Once deemed as the genius of the cryptocurrency world, Sam Bankman-Fried or SBF as he is known, has been in the news lately but for uncomfortable reasons. On Friday, SBF resigned from FTX, while the cryptocurrency exchange will initiate bankruptcy proceedings in the United States. The announcements, made on the company’s Twitter handle triggered what could be one of the biggest meltdowns in the industry as the third-largest crypto exchange left scores of investors in a fray after reports of insufficient liquidity came up.
The announcemnet come days after larger rival Binance walked away from a proposed acquisition and left it scrambling to raise about $9.4 billion from investors and rivals. This led to investors selling FTT, FTX’s tokens.
Bankman-Fried vanished from the Bloomberg Billionaires Index after his net worth just vaporised, falling 94 per cent in a single day. Before the news of the cash crunch broke, his net worth was around $15.5 billion. On late Tuesday, it was down to $991.5 million. Bankman-Fried holds a 53 per cent stake in FTX.
In the last seven days, FTX’s price has fallen over 90 per cent to $2.32 on Thursday.
Who is Sam Bankman-Fried?
Sam Bankman-Fried, is the founder of FTX, once the third-largest crypto exchange in the world. Last week, he was among the most respectable, important people in the crypto world. Today, the 30-year-old is in the eye of the storm.
He completed his physics degree at the Massachusetts Institute of Technology in 2014. Bankman-Fried then spent three years as a trader at the quantitative trading firm Jane Street Capital.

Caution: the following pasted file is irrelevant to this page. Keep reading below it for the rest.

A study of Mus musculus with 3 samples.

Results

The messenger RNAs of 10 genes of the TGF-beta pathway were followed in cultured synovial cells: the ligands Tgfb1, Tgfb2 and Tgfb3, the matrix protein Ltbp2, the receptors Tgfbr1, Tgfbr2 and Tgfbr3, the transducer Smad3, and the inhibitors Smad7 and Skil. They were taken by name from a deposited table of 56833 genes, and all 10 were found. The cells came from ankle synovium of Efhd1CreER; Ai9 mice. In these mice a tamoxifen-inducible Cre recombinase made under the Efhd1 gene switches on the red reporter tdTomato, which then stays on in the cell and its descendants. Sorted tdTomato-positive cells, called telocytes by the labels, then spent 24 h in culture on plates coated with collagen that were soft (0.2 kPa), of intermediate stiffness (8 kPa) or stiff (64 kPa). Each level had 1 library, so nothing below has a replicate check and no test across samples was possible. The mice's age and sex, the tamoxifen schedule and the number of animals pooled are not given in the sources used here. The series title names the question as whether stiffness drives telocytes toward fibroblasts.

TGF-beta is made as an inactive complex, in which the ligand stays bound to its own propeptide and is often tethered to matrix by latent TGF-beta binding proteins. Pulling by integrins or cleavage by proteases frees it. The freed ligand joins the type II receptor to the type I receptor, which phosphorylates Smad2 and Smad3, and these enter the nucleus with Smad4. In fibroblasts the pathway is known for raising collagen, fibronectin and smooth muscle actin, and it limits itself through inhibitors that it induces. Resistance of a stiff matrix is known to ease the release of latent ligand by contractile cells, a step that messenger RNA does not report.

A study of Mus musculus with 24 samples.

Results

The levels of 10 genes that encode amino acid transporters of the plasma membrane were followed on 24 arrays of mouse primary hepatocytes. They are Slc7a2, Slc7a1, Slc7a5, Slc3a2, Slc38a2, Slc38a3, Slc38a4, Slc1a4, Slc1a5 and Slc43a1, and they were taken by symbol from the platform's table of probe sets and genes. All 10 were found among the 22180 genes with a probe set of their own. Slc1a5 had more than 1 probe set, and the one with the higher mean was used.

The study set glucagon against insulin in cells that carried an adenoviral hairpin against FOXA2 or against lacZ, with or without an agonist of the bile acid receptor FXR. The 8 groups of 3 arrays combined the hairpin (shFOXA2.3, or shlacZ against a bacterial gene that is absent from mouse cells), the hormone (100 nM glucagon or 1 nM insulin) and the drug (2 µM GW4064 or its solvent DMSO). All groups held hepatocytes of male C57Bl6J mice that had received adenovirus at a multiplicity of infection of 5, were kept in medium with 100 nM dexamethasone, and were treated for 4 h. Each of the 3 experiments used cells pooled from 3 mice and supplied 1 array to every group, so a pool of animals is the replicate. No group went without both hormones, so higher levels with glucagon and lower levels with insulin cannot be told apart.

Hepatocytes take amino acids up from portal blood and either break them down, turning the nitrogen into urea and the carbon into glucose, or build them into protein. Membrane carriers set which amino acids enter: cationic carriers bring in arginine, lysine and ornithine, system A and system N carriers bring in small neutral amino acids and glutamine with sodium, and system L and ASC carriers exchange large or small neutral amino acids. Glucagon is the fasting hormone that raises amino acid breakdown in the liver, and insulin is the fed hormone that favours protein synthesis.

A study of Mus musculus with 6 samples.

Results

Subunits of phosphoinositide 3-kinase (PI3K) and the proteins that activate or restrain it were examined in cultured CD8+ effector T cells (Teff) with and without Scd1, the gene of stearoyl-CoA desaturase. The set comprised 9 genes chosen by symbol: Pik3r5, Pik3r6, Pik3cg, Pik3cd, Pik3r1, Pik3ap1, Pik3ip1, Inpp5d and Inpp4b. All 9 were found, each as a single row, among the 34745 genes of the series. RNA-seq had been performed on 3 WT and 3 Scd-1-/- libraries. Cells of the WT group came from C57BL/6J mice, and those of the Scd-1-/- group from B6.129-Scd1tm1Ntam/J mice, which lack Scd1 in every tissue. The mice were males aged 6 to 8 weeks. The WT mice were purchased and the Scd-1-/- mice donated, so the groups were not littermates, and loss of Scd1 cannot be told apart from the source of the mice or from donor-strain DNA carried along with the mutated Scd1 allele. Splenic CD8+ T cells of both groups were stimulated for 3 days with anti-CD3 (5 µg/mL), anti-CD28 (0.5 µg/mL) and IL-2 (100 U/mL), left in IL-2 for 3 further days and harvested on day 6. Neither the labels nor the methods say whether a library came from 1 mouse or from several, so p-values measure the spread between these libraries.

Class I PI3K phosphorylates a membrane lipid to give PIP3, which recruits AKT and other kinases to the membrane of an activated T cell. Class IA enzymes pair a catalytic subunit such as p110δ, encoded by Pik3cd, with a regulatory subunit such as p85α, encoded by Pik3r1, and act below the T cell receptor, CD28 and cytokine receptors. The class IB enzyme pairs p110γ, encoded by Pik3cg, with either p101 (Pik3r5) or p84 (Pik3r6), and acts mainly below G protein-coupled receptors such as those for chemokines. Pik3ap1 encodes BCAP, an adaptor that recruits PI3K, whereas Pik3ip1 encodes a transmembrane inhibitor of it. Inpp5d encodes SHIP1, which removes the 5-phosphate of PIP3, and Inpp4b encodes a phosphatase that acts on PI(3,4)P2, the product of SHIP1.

In 2017, he started his trading firm, Alameda Research. In 2019, he launched FTX and made it into one of the leading exchanges for buying and selling crypto derivatives. In early 2022, according to Forbes, the exchange was valued at $40 billion.
Bankman-Fried described himself as a “selfless altruist, ” often promising to donate most of his fortune to charity. He also pledged $1 billion to support political candidates in the US who would promise to prepare for future pandemics.
But not much of his “altruism” has been reflected in reality. According to a report by cointelegraph, he has only donated 0.1 per cent of his net worth.
In 2021, Bankman-Fried moved FTX’s headquarters from Hong Kong to the Bahamas, citing easier regulatory norms.
The pinnacle of Bankman-Fried’s recognition came in October 2021 when FTX bagged the naming rights for Miami’s NBA stadium until 2040.
He has also spent millions of dollars “to lobby Congress on crypto regulation”, according to The Economist. He called for the exchanges to report transactional activity voluntarily.
However, in 2022, several reports of liquidity troubles in Alameda and FTX started to emerge. Binance, an early backer of the exchange, said it would sell its share in the firm. Soon, it was discovered that most of Alameda’s assets were in FTT, FTX’s tokens.
The buyers went on a selling spree, sending the FTT prices crashing. Binance announced it would buy FTX but later pulled out of the deal.
The “crypto genius” once known as the “modern JP Morgan” for swooping in to save troubled exchanges now stares at an imminent threat of his firm blowing up.